Anybody know?

Dorry’s Cove cable likely a World War II remnant
Sat, 09/17/2022 - 11:15am

A few weeks ago, The Block Island Times asked its readers for help identifying a thick, rusty metal cable that, over the decades, occasionally re-emerges from the sand near the entrance to the beach at Dorry’s Cove. (See accompanying photo.)
We ended up hearing from a number of readers with interesting insights.
One wondered if it was a lifeboat launching cable left over from a former Lifesaving Station, while another suggested it might be one of the early telephone cables to the mainland.
However, the most intriguing — and likely the most accurate — observation was that the cable was one of many installed on the island during World War II in the effort to combat German submarines.
Longtime island visitor and current New Hampshire resident Mike Murphy, whose mother and grandmother were both born on the island, heard anecdotally through the years that the cable was installed during the war.
Murphy pointed us to a section of the 2010 Ocean SAMP (Special Area Management Plan), prepared by University of Rhode Island history professors Rod Mather and John Jensen as the state was considering the Block Island Wind Farm proposal.
According to the study, “[d]uring WWII, as German submarines threatened the Atlantic coast of the United States, the U.S. military renewed its interest in signal stations and communication cables. As a result, the army and navy initiated an extensive cable laying operation, requiring governmental easements over private property on land and the designation of new cable corridors in Rhode Island Sound, Block Island Sound and Narragansett Bay.”
It goes on to say that this effort “included cables from Block Island to Fort Greene (near Point Judith) and Block Island to Montauk Point, Long Island.” The study includes an easement map showing the communication cables that crisscrossed the island, and another map showing where cables to the mainland and Long Island connected with the island. (
The first map shows cables running down Dorry’s Cove Road, while the second shows them heading from the cove out to sea to the southwest and north.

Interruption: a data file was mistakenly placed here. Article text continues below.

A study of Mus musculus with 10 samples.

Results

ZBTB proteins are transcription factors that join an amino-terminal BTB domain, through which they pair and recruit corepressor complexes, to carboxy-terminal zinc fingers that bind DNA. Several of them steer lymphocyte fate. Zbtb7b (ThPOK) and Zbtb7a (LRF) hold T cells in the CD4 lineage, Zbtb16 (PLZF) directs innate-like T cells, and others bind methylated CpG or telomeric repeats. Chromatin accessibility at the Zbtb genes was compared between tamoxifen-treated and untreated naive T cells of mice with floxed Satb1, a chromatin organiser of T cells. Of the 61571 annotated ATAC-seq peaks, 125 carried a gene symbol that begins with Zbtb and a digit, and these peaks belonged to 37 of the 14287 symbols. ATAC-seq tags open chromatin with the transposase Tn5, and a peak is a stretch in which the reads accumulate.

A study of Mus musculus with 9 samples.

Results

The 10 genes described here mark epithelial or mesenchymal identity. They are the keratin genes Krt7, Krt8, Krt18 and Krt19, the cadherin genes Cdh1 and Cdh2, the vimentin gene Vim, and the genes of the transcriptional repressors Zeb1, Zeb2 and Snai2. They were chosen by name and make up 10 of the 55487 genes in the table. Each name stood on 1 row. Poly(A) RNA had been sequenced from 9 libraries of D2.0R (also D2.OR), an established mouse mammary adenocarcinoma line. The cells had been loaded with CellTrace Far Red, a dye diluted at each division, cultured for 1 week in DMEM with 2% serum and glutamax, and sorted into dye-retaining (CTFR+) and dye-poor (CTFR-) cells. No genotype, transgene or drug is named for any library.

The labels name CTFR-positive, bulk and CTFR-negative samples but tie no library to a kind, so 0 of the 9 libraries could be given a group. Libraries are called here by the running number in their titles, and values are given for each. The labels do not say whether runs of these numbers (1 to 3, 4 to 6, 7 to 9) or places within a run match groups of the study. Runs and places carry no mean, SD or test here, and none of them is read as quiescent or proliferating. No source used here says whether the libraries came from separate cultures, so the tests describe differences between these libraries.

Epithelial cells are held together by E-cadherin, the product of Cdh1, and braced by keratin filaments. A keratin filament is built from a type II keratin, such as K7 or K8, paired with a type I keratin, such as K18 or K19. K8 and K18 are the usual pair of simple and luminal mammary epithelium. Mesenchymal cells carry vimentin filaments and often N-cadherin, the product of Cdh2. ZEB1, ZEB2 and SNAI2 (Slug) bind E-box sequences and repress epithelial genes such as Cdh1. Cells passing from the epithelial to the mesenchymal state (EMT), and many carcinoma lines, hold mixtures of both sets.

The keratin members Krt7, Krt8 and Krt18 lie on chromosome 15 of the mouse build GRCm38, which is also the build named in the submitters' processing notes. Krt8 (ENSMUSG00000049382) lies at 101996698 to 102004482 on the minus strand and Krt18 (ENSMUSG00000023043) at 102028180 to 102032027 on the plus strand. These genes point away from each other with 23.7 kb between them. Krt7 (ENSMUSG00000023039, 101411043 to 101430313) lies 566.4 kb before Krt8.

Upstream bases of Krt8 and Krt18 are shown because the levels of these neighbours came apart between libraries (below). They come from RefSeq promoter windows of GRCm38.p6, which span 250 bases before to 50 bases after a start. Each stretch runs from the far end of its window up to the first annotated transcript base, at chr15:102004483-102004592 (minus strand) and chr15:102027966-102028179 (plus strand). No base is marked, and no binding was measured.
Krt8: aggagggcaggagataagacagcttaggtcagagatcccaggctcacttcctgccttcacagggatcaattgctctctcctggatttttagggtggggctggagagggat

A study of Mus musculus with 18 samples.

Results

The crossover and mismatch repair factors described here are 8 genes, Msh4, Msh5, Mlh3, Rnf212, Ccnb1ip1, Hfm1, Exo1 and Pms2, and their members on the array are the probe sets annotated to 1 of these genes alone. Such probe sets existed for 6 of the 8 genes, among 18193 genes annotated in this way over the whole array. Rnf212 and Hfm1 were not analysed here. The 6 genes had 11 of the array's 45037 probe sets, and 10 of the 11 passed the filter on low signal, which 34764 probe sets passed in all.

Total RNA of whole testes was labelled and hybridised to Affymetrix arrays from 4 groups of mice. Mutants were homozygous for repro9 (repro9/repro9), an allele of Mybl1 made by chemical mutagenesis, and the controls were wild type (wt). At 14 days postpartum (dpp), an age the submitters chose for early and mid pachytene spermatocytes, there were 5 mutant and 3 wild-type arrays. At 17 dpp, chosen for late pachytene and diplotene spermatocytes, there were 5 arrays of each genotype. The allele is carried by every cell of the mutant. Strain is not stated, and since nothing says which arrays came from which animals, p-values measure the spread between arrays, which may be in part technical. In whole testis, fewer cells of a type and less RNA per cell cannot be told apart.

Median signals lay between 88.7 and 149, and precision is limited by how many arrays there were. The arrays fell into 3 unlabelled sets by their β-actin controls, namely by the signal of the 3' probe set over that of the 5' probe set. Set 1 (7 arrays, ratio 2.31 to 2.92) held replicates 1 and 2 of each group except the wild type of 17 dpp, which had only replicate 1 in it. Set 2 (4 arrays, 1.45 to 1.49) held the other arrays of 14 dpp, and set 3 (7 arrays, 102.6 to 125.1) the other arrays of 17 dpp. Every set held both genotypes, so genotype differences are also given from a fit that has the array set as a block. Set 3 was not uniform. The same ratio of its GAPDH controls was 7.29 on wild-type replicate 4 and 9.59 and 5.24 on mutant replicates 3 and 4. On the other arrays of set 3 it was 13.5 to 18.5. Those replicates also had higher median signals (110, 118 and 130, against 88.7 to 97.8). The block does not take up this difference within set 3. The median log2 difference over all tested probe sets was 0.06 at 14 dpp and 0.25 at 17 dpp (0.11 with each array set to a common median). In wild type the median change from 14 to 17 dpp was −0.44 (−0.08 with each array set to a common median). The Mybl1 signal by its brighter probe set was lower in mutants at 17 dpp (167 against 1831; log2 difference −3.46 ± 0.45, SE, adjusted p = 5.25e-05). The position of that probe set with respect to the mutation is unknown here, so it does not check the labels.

Longtime island building official
Marc Tillson told The Block Island Times that he first learned of the cable while doing a foundation inspection on the West Side in the early 1990s. “The cable had been unearthed while excavating for the foundation. As I recall, the property was somewhere off Dories Cove Road.
“I learned that it was a communication cable, installed by the Army or Navy during WWII. The cable originated at the barracks on Beach Avenue (Twin Maples) and ran to all the military submarine watch towers, Southeast Light and other military installations that were monitoring for submarines or other enemy ships. So yes, it was a telephone cable of sorts!”
The easement map shows that the cables traveled to what was then the home of William Doggett at the peak of Beacon Hill, Block Island’s highest point.
As island historian Robert Downie wrote (, the iconic location with its stone tower was commandeered by military authorities from 1941 until the end of the war to serve as a submarine spotting location.
In total there were eight submarine spotting towers installed on the island, all connected by communication cables.
With help from spotters on Block Island, theoretically, gun emplacements in Fort Greene —the concrete bunkers of which are still just visible amid heavy foliage along the north side of the Point Judith access road to the ferry— could be directed to target submarines as far as 25 miles out to sea, according to Downie. Both the island’s wartime submarine cables were de-accessioned in the 1950s.
Of note, the SAMP report tells us that the island’s first telecommunications cable was installed by the U.S. Army Signal Corps in 1880 for a cost $15,000. It stretched between Sandy Point at the island’s northern tip to Narragansett Pier on the mainland (https://tinyurl. com/2k222eaw).
Compare that cost to the installation of the island’s most recent cable to the mainland as part of the wind farm project, which has exceeded 100 million dollars.
Thanks to Mike and Marc and everyone else who got in touch.